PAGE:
This Wednesday, we were delighted to host our first ever event in Birmingham – the Midlands Marketing Forum. Bringing together marketers and business leaders from across retail, financial services, manufacturing and more, the event explored some of the hottest topics in marketing today – from digital transformation to automation and AI.
Croud CEO and co-founder Luke Smith, who hosted the event, said, “Digital and technology are two key growth areas for Birmingham and the Midlands, and Croud is proud to be part of the digital landscape – with our largest office based in Shrewsbury, and several of our clients headquartered in the region. We’re excited to continue growing our presence in the Midlands, and our inaugural Midlands Marketing Forum represents a key step in that.”
The event involved several presentations and a panel discussion around international expansion, followed by drinks and networking on the 25th floor of Hotel Indigo. For those who couldn’t make it, here are some of the key talking points from the event.
Bridging the gap between on- and offline
Joining up on- and offline activity proved to be one of the key themes of the event, with retailers and manufacturers alike recognising the challenges and opportunities involved in connecting the digital and the physical.
Topps Tiles kicked things off by talking about their complex, multi-channel customer journey, and the difficulties involved in showing the true value of digital channels such as PPC when most conversions take place in their network of 368 stores.
Google Ads store visits data has proven invaluable in starting to join the dots, allowing the retailer to understand which campaigns, keywords, and devices drive the most store visits. Using this data, Croud and Topps Tiles optimise campaigns, leveraging device bid adjustments and fine-tuning ad copy and extensions for particular keyword combinations, for example. As a result, Topps Tiles has see an impressive uplift in both online traffic and store visits, as well as combined on- and offline revenue.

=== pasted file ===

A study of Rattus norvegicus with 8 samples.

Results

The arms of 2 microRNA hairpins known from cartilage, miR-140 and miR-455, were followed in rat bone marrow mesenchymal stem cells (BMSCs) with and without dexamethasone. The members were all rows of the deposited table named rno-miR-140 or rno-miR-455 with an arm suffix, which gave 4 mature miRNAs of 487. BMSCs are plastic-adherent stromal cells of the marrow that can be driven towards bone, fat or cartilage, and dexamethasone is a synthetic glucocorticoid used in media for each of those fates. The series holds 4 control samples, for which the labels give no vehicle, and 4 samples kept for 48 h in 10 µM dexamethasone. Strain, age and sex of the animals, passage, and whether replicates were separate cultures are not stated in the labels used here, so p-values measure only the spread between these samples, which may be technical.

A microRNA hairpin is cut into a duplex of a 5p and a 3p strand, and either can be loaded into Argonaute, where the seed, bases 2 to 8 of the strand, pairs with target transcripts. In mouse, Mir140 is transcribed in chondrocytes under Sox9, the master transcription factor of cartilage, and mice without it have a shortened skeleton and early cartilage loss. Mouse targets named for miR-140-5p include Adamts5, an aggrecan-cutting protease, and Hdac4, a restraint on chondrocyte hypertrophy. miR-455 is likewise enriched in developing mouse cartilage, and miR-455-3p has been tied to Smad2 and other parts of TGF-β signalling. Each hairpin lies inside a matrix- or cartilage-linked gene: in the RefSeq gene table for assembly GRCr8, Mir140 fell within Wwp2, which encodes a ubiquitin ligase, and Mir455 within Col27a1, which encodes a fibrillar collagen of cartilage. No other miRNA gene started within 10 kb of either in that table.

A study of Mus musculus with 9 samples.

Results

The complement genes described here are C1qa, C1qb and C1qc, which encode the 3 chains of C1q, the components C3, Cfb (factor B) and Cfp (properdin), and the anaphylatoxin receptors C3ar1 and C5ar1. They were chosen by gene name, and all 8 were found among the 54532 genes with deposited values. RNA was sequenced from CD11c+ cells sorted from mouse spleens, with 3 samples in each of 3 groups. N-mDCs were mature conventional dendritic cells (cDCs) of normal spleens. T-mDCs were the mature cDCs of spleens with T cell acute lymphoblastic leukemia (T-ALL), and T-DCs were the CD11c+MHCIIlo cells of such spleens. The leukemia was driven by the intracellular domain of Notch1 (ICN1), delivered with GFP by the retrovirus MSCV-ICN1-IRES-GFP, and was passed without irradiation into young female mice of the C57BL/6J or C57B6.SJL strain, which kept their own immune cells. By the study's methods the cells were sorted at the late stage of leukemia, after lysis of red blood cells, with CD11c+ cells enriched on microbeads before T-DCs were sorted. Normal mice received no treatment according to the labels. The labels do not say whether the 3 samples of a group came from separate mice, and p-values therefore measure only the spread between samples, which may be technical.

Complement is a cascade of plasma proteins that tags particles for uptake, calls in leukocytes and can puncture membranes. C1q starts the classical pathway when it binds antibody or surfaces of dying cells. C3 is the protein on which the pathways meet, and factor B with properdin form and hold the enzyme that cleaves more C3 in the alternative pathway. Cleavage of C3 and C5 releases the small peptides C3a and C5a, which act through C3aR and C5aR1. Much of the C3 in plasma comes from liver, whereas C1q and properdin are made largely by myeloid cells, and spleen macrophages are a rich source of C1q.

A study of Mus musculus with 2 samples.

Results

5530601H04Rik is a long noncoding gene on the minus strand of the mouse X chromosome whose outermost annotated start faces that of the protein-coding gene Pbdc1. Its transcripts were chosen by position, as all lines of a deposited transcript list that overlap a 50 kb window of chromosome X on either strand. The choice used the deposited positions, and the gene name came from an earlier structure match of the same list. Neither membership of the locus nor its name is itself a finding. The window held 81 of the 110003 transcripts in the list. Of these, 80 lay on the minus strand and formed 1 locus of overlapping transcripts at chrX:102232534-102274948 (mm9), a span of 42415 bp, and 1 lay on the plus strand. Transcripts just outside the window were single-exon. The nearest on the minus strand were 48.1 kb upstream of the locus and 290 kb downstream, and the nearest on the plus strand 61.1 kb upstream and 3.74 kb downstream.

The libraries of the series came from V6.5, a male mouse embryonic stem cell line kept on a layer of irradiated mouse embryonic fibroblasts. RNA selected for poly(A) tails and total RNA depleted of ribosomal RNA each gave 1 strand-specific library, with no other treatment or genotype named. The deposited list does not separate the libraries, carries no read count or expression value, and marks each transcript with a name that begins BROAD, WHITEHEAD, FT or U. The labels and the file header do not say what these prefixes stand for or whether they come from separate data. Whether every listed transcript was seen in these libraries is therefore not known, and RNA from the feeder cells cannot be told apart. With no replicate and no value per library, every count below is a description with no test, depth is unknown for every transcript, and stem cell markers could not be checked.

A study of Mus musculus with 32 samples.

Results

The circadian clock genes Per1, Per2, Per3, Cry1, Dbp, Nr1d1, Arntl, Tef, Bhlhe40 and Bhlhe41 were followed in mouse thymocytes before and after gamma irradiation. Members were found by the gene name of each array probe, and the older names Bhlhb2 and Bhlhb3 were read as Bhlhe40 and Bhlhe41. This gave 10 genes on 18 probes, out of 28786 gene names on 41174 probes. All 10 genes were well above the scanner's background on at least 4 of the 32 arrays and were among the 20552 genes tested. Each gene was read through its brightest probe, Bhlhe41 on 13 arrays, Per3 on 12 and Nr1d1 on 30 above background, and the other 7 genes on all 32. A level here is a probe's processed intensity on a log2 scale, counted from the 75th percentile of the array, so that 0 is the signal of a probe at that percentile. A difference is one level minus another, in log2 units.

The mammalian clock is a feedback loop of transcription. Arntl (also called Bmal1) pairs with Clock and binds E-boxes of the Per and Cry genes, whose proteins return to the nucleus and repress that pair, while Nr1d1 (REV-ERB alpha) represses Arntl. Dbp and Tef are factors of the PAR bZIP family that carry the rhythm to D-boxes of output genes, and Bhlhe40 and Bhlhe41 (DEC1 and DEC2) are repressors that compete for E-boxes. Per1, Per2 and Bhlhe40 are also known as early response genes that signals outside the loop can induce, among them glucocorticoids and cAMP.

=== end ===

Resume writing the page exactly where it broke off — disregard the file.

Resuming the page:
Global manufacturer CEMEX described surprisingly similar challenges, and talked the audience through the business’ ongoing digital transformation journey. A key part of this journey has been the development of CEMEX Go, an end-to-end digital platform that allows customers to manage their entire experience with CEMEX through the app – from ordering online to tracking deliveries in real-time.
Marketing without borders
Next up was a panel discussion on international expansion and marketing’s role in going global, including panelists from Grenade, Google, CEMEX, and West Midlands Growth Company.
One of the key themes that came out of the discussion was the importance of getting an in-depth understanding of each new market, and localising rather than simply translating. Juliet Barratt, CMO and co-founder of Grenade, shared some of her own lessons from her company’s meteoric international growth – including thinking about how your brand translates overseas, right down to your actual company name – did you know that ‘Grenade’ means ‘pomegranate’ in French, for example?
It’s also vital to be aware of any cultural nuances before launching into a new market. Juliet shared an example of Grenade attending a trade show in the Middle East with a female athlete and being extremely restricted in what they could do due to local customs.
Our panelist from Google also highlighted the vast range of tools available to help businesses that are going global – including their own Market Finder tool, which provides insight into potential markets ripe for expansion of your business, based on search volumes and other key metrics. Croud also has a handy guide to 9 export tools you need in your digital arsenal.
The future of our sector
Rounding off the event, our very own Kevin Joyner, Director of Planning & Insight at Croud, discussed some of the latest developments in media, technology and the law, and what they might mean for the wider marketing sector.
One of the key takeaways was that consumers are becoming not only increasingly tech-savvy, but also increasingly aware of their rights when it comes to personal data. At the same time, advertisers have more and more data, technology, and ways to be present in everyday life at their disposal. As a result, there’s unprecedented risk for advertisers to behave badly – whether that’s asking too much of consumers, being overly personal when it’s not expected, or selling instead of being helpful. As such, advertisers must strike a balance between not only capitalising on new tech, but also being honest, respectful, useful and human – in this automated age.